The Not-Quite-Ready for Primetime Virtuoso
Leaving the comfort of my living room and the allure of the NFL playoffs on a glorious San Diego winter afternoon, I ventured out to hear Ji, the young, one-named Korean Wunderkind at the Scripps Research Institute concert hall. He was presented by La Jolla Music Society on their Discovery Series. The drive was short, the hall delightful, the program promising and the piano excellent, but I think that perhaps I should have stayed at home and watched football.
Ji is a confident, twenty-something young man with a big, New York piano technique (as befits every Juilliard graduate that I’ve ever heard), and he boldly took on an enormous program. The man has a huge heart: according to the pre-concert introduction, Ji spent the last few days visiting San Diego public schools and the San Diego Youth Symphony and working with their students. He apparently has been involved with numerous “Stop & Listen” outdoor “guerrilla” performances, which, as far as I can tell, are impromptu and unannounced public performances in unexpected places. Admirable. Seemingly, he is very committed to bringing classical music to the masses, so, bravo!
Sunday’s program began promisingly with Three Chorale Preludes of J.S. Bach as arranged by Busoni. These are very tricky pieces to play, in spite of their disarmingly simple melodies. In the opening prelude, from the cantata Wachet auf, ruft uns die Stimme (BWV 645), one was immediately struck by Ji’s sound. Although physicists may deny it, each individual pianist has a different tone, and Ji’s timbre can only be characterized as bright. This sound worked in his favor for the opening pieces because he was able to distinguish, to a large extent, their complex polyphony. The final prelude, Nun freut euch, lieben Christen g’mien (BWV 734) is a virtuoso display, favored in past generations by, among others, Vladimir Horowitz. Ji’s digital dexterity left no doubt of his technical prowess.
Following the Bach, a program change was announced from the stage. Unfortunately, Ji was not given a microphone and so, his comments were mostly incomprehensible. I found out later that he announced that the previously scheduled Olivier Messiaen piece would be replaced with a work by the contemporary German composer, Matthias Pintscher. In addition to being a composer of high repute, Pintscher is also the Music Director of L’Ensemble Intercontemporain in Paris. The work entitled “Now 1” is of very recent vintage. Ji chose to play the work from the score. I cannot comment very meaningfully on the music, never having heard it nor having access to the score. One can only hope that Ji was being true to Pintscher’s score. To be sure, the work’s sense of an atmospheric impressionism is redolent of other contemporary French pieces and reminds one of works by Tristan Murail, Gérard Grisey and Kaija Saariaho. One can only hope that Ji will continue to add more meaningful contemporary pieces such as this one to his recital repertory.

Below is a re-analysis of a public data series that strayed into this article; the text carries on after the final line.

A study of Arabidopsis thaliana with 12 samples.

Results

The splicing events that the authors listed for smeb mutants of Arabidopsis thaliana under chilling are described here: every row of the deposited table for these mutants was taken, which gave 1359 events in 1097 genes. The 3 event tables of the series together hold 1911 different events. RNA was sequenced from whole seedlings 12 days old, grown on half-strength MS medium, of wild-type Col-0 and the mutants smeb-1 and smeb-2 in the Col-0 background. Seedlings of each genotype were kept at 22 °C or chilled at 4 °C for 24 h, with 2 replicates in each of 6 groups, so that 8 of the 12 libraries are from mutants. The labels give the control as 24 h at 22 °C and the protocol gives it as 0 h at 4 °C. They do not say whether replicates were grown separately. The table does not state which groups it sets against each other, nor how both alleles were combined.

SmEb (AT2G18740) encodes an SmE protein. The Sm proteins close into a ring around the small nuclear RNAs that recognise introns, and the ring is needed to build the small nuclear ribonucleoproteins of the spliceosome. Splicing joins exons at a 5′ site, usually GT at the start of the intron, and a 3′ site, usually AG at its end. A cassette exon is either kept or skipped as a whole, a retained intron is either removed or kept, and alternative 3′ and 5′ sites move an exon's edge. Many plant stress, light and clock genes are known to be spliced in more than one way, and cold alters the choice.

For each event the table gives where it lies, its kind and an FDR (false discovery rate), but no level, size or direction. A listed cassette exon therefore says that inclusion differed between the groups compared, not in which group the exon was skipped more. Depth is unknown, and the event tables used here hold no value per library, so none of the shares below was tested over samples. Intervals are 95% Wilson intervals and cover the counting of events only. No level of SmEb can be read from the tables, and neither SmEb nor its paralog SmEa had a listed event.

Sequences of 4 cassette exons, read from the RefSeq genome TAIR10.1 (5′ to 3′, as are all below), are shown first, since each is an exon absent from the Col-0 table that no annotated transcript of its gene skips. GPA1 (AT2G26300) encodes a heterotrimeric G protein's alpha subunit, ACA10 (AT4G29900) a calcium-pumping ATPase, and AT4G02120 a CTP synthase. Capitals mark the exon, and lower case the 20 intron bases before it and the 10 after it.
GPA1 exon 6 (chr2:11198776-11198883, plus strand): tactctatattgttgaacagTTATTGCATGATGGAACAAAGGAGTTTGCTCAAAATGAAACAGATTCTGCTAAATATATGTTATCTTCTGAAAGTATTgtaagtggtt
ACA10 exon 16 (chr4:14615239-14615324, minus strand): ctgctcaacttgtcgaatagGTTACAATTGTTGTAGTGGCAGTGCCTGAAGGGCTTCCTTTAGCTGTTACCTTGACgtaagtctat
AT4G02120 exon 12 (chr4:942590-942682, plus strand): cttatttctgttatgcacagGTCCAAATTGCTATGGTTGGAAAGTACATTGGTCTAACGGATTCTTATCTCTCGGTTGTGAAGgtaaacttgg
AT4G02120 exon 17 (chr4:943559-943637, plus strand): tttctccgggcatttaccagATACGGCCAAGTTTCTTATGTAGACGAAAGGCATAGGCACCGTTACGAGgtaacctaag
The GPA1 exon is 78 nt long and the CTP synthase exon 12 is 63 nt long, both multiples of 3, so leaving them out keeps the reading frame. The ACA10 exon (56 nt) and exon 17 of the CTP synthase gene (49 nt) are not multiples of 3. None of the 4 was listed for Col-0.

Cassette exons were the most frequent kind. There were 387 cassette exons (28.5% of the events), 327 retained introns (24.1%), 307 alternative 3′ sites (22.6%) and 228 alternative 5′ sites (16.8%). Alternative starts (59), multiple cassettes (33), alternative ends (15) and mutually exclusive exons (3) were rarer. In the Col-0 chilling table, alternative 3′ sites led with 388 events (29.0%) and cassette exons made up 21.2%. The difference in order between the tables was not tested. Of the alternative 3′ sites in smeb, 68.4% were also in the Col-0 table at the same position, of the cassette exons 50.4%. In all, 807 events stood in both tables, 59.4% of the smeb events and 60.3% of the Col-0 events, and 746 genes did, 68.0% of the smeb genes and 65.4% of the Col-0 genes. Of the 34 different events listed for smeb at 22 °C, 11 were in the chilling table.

Closing the first half of the program, the soloist chose Mendelssohn’s “Variations sérieuses” in D minor, Op. 54. The work was well represented but served to point out some of the serious problems in Ji’s playing. The facile nature of Mendelssohn’s work was again met with Ji’s remarkable ability to execute complex filigree and yet, he neglected to express any sense of majesty or profundity.
These omissions were deadly in the second half of the program where the young man heroically chose to attempt the entire “Aria with Thirty Variations” BWV 988 (Goldberg Variations) of J.S. Bach. Educated listeners have been brought up with this monumental and iconic piece, so when a young virtuoso decides it’s his turn to present the work in his interpretation, he better be loaded for bear. Ji was not up to the task.
Serious issues were brought into relief by the pianist’s choice not to play from memory. For a professional, classical pianist in a formal recital such as Sunday’s, playing by heart is de rigeur for everything except very recently composed works. The convention is not without merit: although the Goldberg Variations appear as a series of short, individual variations, Bach’s genius created a work of unity that must be performed as a gestalt, logically and inevitably unfolding. Ji’s incessant page turns consistently broke the arc of the piece, rendering an aria and thirty little pieces concluding with the opening aria as a coda. The pieces all seemed only tangentially related to one another since with each page turn, any sense of compositional continuity was destroyed. Although the man has a formidable technique, if his artistic aim is achieve the stellar level of his remarkable predecessors such as Gould, Richter, Schiff, Pollini, Barenboim, etc., he will need to learn to create majesty and grandeur as well as how to establish a virtually spiritual musical atmosphere.
In the final analysis, I felt disrespected as a listener by his decision to play this monumental piece without adequate preparation. Every time Ji turned the page, it was as if I heard his voice loudly exclaiming in my head, “I AM NOT READY TO PLAY THIS PIECE YET!!!!!” So, I ask, perhaps rhetorically, why program it? With his obvious penchant for music of a more recent vintage, I for one, would have been much happier hearing something less often encountered such as, perhaps, a Prokofiev, Copland or even Stravinsky sonata. That would have been like a breath of fresh air on that crisp, San Diego winter afternoon.